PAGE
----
What I've Learnt: John-Paul Simpson, Director and Chair, Zircom


John-Paul is a globally experienced marketing professional who is chair of the North West Board for the Chartered Institute of Marketing on top of his senior role at Zircom.

Wirral-based Zircom works with brands including BMW, Shell and B2B International, providing a comprehensive range of services from branding to e-learning and internal communications.

For more than 20 years, Zircom has been a leading agency in the region, and went employee-owned in 2018

Simpson told us about some of the lesson's he's learnt from his long career in marketing.

 

Which single daily habit or practice could you not do without?

I record and review timesheets for myself and colleagues so everyone knows where our shared value is being generated.

What's been your luckiest break?

Getting into Bristol University with A-level grades that didn’t justify a place, feeling totally at home there, meeting great people, getting a job with the Students' Union, and living next door to my future wife.

What's your best failure?

All the jobs I did in my 20s before leaving the UK to go travelling in South East Asia. I wasn’t very good at any of them.

In my defence I was transitioning from a life scientist (geology) to a marketer through self-learning and various Diplomas, including the Chartered Institute of Marketing. But failing became the drive to succeed when I got back and got a job with Forte Hotels.

What is the best investment you've ever made, either financial or time?

Investing time in my children has to be the best, but after that it has to be starting and developing my business, Zircom.

Which book would you recommend others to read and why?

Any book on Cognitive Behavioural Therapy. I’m currently reading 'Radical Candor' by Kim Scott, ex-Google and Apple, and it’s reminded me how important it is to work on relationships at work.

What one piece of advice would you give your 21-year-old self?

Don’t be afraid to understand yourself (the good bits and the not so good bits). Listen to your instincts and design your working life around your values. Then stick at whatever you do until you can do a few things better than anyone else.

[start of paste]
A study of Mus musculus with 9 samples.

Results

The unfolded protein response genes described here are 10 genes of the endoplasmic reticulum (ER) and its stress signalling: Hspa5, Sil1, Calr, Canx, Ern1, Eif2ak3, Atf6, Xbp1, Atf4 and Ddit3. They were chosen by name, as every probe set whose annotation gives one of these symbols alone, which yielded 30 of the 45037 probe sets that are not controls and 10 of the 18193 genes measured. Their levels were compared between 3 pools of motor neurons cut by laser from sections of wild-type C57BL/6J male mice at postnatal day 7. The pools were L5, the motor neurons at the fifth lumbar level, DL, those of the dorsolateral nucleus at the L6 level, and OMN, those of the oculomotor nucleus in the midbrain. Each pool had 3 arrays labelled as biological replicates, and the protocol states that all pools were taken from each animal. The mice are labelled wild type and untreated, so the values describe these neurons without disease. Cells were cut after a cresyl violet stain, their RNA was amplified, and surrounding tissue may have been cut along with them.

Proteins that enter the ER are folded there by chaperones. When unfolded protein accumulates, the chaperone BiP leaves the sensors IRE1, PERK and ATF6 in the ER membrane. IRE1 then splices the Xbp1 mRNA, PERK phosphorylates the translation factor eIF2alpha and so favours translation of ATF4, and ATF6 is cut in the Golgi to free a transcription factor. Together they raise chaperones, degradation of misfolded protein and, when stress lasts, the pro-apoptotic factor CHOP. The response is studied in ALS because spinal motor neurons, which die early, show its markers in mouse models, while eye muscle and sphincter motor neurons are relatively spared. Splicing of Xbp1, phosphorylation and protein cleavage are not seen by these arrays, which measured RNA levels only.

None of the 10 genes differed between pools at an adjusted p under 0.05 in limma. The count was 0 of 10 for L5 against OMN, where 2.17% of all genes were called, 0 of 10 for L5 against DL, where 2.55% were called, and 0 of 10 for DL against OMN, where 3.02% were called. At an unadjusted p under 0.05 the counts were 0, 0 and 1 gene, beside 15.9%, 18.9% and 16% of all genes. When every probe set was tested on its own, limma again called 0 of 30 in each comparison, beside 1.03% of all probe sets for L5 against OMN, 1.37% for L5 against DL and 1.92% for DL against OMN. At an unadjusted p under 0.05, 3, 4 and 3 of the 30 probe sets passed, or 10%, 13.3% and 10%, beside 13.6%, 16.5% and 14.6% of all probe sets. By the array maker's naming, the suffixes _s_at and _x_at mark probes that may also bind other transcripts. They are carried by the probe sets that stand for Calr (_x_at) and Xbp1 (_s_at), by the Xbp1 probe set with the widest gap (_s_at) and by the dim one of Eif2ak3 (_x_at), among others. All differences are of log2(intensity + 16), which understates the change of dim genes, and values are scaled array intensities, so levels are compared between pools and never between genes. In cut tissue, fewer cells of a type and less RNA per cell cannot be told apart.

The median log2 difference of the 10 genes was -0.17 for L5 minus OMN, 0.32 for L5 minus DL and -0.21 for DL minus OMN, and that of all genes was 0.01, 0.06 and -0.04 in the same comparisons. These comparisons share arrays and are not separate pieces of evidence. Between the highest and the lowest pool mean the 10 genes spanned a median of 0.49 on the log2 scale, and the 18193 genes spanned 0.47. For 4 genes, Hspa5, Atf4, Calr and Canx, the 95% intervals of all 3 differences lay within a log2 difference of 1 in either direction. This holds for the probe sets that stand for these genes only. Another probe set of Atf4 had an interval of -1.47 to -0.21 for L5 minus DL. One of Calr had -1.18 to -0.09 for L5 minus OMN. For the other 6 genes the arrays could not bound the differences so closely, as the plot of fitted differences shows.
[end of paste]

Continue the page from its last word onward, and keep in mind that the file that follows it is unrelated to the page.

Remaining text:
Who or what has had the single biggest influence on your working life?

Barbara Beckett was the Marketing Director at Forte Hotels, and whilst my time there was always intense and sometimes stressful, I learnt most of my Consumer Marketing and Travel Sector skills from Barbara, the agencies she brought on board like Saatchi’s and WCRS, and my direct boss Robin Dobson.

Adam Crozier was my media buyer at Saatchi’s and went on to be CEO of Saatchi’s, the FA, and ITV, so I worked with some really talented people. Without Barbara and Robin’s influence and support, I wouldn’t have had the confidence and skills to make an impact in my work after that. So I owe them big time.

I need to mention my parents, even though they never ran a business or worked in the private sector. My mum was a French teacher and my dad was a lawyer who had an important job for the County Council that didn’t sound like it was important - Deputy County Clerk. I didn’t really learn from their work - but more by absorbing their interests and attitude. I learnt to enjoy new experiences, to not moan, to be fair and humble - values that have helped me lead people in an agency setting.

Tell us something about you that would surprise people.

I was a backing singer for Barry Manilow whilst at Sixth Form College (along with the rest of the College Choir for one night only at Bingley Hall, Stafford). He was a true professional and a really nice guy.

How will the COVID crisis change work for the better?

I’m not sure it will make work better. The flexibility that everyone is talking about was already there in good businesses, and near empty-offices and working from home isn’t good for early-career stage professionals who need to watch and learn from others in action, or for generating drive in an entrepreneurial sense, or for collaborating and generating ideas.

What does success look like to you?

In my personal life, success is my children leaving home well equipped to deal with their future.

Professionally, it’s creating value through the work I do and, in the process, making a difference to people’s lives. Specifically, I’d like to ensure that the transition from founder-led agency to employee-owned agency is successful.